The mental and physical benefits of being active are pretty clear, but the amount of activity people get may change as they age. Very often, it goes down.

Most studies looking at the benefits of physical activity have only measured a person's activity levels at one point in time. Few studies have taken into account changes in physical activity levels over an extended period. This prompted a team of researchers from Australia to look at the health effects that resulted when women met the World Health Organization guidelines of 150 minutes of exercise per week over 15 years in middle age.

Being physically active in middle age, they found, led to better physical health in later life. This finding held true even when participants began an exercise program or started to exercise more at age 55.

To realize exercise's health benefits later in life, women should try to begin to increase their physical activity in middle age.

The study highlights the life-extending value of physical activity even when one starts in middle age. “It's important for women to be active throughout mid-age to gain the most benefits for physical health in later life,” the researchers said. Women should try and increase their physical activity levels to meet the World Health Organization guidelines by age 55.

Data from more than 11,300 women enrolled in the Australian Longitudinal Study on Women's Health were analyzed and collected at three-year intervals beginning in 1996. Participants were between 47 and 52 at the start of the study. The University of Sydney and University of Queensland researchers evaluated the effect of physical activity on the women's physical and mental health between 2001 and 2016.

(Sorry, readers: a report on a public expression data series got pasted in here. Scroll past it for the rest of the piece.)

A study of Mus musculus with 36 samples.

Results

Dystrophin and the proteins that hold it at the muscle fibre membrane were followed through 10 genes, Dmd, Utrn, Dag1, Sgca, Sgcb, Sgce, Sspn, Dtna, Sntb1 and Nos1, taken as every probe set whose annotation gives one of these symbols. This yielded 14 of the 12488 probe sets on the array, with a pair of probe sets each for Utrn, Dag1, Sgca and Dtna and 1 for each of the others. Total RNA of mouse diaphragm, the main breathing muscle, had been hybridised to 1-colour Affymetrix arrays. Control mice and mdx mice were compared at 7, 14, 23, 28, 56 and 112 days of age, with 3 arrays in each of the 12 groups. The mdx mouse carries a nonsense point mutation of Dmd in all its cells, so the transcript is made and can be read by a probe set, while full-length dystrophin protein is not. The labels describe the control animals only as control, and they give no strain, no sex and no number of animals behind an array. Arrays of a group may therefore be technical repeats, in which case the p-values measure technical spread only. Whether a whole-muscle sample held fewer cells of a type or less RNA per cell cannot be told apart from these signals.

People in the study were divided into three groups: those who already met the World Health Organization physical activity guidelines at the start of the 15-year period in 2001; those who did not initially meet the guidelines but started to meet them at age 55, 60 or 65; or those who never met the physical activity guidelines. Participants' mental and physical health were assessed using their responses to the Short Form 36 Survey questions about functional health and well-being.

The effect of activity on participants' physical health score was significant, even after the researchers accounted for socioeconomic factors and preexisting health conditions. Women who met the activity guidelines and those who started to meet the guidelines in middle age had about a three-point higher physical health score than those who never met the guidelines. Physical activity did not have any significant effect on their mental health score.

The strengths of the study lie in its large study population and multiple assessments of physical activity levels over a long period, according to the researchers. Limitations included unmeasured or inadequately measured health conditions and the fact that activity levels were self-reported.

A nationally representative sample of women was included in the study at baseline, but the results may not be applicable to all middle-aged Australian women because healthier women have remained in it, the researchers caution. “We cannot guarantee that the study controls for all confounders for the relationship between physical activity and health-related quality of life.”

The study is published in PLOS Medicine.